Crave Review – ‘moments of tenderness crushed by memories of trauma’

Sarah Kane's emotive text is embodied with both beauty and horror at the Edinburgh Fringe.

Source: Collingwood College Woodplayers

This review contains reference to suicide.

So happy / Happy and free.

The final lines of Sarah Kane’s Crave’ couldn’t be further from how we feel as we walk out into the Edinburgh rain. The Woodplayers’ hour-long production definitely makes for difficult – and at times painful – viewing, but it’s worth it: through interwoven stories of love, despair, and survival, they have created a powerful piece that makes you feel a bit like you’ve been punched in the stomach.

Directors Alice Chamber and Helena Snider have given the play a sense of intimacy with a sparse, black set and minimal costume. The four actors have nothing but a foot or two to separate us from them. As they speak the fragmented lines to each other, we can just about make guesses about the connections that form and crumble between them. Owen Sparkes’ beautifully performed monologue about daily details of love (“And I want to play hide-and-seek and give you my clothes and tell you I like your shoes and sit on the steps while you take a bath and massage your neck and kiss your feet and hold your hand and go for a meal… ”) brings me to tears. But when he begins to speak again, a few minutes later, his are words full of menace – describing a relationship no longer loving but abusive and fearful. Love isn’t enough to save these four characters. Known only as A, B, C, and M, they have moments of warmth and tenderness with each other that are then crushed by memories of trauma: whispers of rape, incest, anorexia, paedophilia, suicide, and other agonies that seem to snuff out any light that emerges from the darkness of the text.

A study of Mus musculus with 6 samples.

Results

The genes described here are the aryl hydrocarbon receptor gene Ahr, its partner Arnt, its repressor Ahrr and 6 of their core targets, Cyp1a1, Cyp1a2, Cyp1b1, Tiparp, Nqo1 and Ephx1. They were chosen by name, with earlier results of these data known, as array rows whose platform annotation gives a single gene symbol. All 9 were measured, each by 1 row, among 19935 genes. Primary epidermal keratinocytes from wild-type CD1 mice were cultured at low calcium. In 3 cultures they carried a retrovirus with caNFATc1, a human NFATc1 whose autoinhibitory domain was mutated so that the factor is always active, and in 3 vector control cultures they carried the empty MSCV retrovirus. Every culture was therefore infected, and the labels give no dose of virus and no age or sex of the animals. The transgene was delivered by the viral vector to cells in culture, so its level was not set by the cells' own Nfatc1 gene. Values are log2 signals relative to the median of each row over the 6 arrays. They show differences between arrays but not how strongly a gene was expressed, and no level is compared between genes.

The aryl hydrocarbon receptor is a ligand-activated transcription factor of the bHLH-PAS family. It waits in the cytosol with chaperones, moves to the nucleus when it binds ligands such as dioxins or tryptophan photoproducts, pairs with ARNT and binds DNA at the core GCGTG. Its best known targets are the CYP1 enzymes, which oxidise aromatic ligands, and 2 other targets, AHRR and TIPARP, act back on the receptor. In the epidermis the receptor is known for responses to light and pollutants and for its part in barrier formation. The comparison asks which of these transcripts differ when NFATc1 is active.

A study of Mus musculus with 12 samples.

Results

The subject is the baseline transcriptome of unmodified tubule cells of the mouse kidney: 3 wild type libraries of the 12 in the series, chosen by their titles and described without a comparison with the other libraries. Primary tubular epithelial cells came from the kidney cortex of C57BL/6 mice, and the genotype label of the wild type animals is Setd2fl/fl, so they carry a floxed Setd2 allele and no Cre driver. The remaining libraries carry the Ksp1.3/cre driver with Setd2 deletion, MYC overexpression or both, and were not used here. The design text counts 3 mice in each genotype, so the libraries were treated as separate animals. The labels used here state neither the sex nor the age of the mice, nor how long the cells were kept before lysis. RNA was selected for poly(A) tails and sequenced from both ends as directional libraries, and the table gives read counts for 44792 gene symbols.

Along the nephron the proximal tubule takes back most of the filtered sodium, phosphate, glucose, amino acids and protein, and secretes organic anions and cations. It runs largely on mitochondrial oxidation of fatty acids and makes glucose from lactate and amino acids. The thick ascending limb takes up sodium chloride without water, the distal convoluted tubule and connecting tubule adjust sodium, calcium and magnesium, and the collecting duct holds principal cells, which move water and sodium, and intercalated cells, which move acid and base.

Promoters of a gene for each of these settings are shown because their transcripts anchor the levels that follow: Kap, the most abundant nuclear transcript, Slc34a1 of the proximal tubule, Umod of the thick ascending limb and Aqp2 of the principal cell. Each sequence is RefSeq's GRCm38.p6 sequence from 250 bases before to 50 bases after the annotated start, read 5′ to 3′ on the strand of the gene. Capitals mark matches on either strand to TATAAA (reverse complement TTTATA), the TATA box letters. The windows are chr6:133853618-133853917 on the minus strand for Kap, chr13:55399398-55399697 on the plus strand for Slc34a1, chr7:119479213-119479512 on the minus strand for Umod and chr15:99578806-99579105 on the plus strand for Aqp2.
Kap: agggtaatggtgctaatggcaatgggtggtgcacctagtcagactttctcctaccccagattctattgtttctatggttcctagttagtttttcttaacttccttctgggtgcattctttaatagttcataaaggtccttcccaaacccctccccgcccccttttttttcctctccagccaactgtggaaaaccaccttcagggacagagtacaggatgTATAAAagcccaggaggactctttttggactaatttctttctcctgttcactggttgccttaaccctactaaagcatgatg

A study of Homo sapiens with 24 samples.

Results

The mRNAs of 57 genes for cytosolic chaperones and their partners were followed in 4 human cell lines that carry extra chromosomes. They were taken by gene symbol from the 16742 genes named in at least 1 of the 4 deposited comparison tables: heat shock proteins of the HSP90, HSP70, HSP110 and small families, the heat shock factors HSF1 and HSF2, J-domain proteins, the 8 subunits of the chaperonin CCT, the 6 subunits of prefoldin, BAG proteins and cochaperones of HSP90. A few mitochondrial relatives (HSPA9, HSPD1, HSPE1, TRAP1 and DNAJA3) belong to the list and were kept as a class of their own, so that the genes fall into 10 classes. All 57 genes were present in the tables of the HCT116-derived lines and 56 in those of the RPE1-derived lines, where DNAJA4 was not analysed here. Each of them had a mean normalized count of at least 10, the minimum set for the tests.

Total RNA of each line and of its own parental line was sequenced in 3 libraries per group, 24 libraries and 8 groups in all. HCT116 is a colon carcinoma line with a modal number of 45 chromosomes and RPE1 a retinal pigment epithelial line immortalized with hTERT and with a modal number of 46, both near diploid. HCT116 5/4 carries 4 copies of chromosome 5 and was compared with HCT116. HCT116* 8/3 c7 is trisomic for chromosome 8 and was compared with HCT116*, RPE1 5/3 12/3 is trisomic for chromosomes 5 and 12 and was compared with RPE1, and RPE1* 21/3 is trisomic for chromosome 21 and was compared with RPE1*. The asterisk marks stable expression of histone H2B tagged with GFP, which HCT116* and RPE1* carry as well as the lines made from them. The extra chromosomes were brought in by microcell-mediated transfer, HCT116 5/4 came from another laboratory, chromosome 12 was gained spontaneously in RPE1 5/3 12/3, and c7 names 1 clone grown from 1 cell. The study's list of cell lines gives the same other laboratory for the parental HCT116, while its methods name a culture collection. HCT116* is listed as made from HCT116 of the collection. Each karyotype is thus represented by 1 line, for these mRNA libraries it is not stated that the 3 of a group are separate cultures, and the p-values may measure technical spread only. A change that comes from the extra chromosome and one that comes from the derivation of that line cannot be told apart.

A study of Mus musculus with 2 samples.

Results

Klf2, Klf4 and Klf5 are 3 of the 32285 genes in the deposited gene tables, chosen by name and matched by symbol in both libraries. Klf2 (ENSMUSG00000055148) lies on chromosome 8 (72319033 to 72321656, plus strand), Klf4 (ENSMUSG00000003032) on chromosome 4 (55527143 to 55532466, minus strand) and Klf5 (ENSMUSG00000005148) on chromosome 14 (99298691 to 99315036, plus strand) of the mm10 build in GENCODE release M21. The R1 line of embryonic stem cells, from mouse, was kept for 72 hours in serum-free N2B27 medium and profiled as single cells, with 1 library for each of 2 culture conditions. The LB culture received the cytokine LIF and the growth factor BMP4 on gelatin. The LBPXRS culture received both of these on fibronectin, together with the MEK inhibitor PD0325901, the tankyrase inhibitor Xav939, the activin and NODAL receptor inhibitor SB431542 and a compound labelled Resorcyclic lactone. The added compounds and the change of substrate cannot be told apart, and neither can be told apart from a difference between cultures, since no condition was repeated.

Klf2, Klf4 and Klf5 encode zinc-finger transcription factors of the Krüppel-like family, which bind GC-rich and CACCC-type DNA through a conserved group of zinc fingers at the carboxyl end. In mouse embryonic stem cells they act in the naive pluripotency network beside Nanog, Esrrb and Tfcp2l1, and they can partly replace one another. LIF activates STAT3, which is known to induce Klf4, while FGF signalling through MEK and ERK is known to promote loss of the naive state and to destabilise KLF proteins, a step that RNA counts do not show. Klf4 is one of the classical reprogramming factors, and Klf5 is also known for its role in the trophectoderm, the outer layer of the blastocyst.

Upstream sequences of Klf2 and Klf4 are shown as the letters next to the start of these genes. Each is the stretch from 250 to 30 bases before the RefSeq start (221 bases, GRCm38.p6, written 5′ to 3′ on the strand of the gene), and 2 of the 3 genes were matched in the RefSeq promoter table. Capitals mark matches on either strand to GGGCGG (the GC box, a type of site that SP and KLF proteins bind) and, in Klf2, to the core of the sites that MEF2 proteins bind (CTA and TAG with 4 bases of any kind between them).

Kane – who died by suicide at 28 – became notorious for the shocking violence of her earlier plays, in which characters are mutilated and brutalised. There is no physical violence in ‘Crave’ – only anguish in the words spoken. Kane said of the play: ”Some people seem to find release at the end of it, but I think it’s only the release of death.”

This sense of mortality is there from the beginning: the opening line is “you’re dead to me”. While there are moments of love, and even laughter at points, it is feelings of loneliness and horror that you take away with you after the lights dim.